SHAH ALAM: Experiments are not needed, as there are 1,001 ways on how someone can fall, forensics expert Dr Ahmad Hafizam Hasmi told the coroner's court at the inquest into the death of fireman Muhammad Adib Mohd Kassim.
He said reconstruction can prove to be a waste of time in Muhammad Adib's case, as there were many ways the fireman could have fallen on the curb by the side of the road during the early morning of Nov 27 last year.
Dr Ahmad Hafizam said this under questioning by lawyer Syazlin Mansor, who is representing the Housing and Local Government Ministry, Fire and Rescue Department, as well as the family of the deceased at the inquest.
Syazlin was questioning why Dr Ahmad Hafizam did not carry out experiments to see how Muhammad Adib could have fallen on the curb and the injuries resulted from the fall.
Dr Ahmad Hafizam explained that it was not normal practice for forensic pathologists to carry out experiments to explain how a victim could have sustained his or her injuries, unless there were concrete clues on what transpired when the victim sustained the injuries and what could have caused them.
"We don't just blindly conduct experiments in the field of forensics.
"For example, if someone was murdered with a claw hammer and the police showed us the hammer, then we can conduct an experiment to see whether the pattern on the hammer matches the injuries on the victim.
"And in that case, we can't even say that the hammer is the murder weapon, we can only say that the hammer matches the pattern of injuries.
"So in this case, we can't say for sure that it was definitely the curb that caused injuries to the victim (Muhammad Adib).
"And as there are 1,001 ways how someone can fall, that is why a reconstruction is not suitable. The findings (of the reconstruction) can be debatable and it is a waste of time," he said on the 35th day of the inquest.
Dr Ahmad Hafizam had theorised that Muhammad Adib's injuries were caused by him falling and hitting a hard, wide, and rough surface.
Earlier during the day, Dr Ahmad Hafizam said that without any eyewitness who can testify to exactly what happened to Muhammad Adib on Nov 27, the most probable explanation was that the fireman went out of the EMRS van on his own accord.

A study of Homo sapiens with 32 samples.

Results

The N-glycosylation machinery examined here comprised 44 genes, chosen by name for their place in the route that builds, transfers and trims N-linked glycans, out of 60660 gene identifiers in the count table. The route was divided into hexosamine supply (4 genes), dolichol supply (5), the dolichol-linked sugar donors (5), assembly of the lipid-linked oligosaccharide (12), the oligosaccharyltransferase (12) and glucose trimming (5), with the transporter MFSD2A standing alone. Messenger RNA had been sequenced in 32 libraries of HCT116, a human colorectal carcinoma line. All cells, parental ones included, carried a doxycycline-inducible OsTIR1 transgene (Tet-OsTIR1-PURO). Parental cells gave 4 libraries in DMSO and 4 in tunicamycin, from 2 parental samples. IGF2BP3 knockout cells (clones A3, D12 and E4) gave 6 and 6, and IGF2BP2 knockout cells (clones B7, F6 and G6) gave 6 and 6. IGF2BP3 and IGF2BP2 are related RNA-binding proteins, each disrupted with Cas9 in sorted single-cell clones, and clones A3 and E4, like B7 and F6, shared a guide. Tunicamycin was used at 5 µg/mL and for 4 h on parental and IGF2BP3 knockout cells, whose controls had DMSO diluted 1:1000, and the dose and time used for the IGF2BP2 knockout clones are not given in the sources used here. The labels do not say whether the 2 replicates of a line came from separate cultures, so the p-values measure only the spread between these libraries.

Under questioning by Syazlin, Dr Ahmad Hafizam explained that there were no eyewitness who saw the fireman being forcefully pulled out from the EMRS van.
As there was no corroborating testimony to suggest Muhammad Adib was forcefully pulled out of the van, the likelier explanation was that he exited the van on his own due to the lack of defensive injuries on his body, as seen from the clinical forensic examination and autopsy, said Dr Ahmad Hafizam.
When Syazlin pointed out that the uniform worn by Muhammad Adib that early morning had missing buttons - which can be used as evidence that the fireman was forcefully pulled out - Dr Ahmad Hafizam said that he was not sure that the uniform was indeed the one worn by the fireman during the incident.
He said that this was because the uniform given to him - which allegedly was the one worn by Muhammad Adib during the incident - did not have tearing that was consistent with his injuries.
"For his trousers, I am confident that it was the one worn by him (during the incident), as there were dirt and tearing that matched the injury on his right knee.
"But the uniform was clean and there was no tear on the left elbow," he added.
Judge Rofiah Mohamad sits as coroner for the inquest, held at the Shah Alam Sessions Court.
Muhammad Adib, 24, became critically injured in the early morning of Nov 27, after he and his team members from the Subang Jaya fire station responded to an emergency call at the Seafield Sri Maha Mariamman Temple where a riot was taking place.
The fireman was taken to SJMC after he was found injured, before being transferred to the National Heart Institute (IJN) for further treatment, where he later died on Dec 17, at 9.41pm.
The inquest continues on Friday (May 17).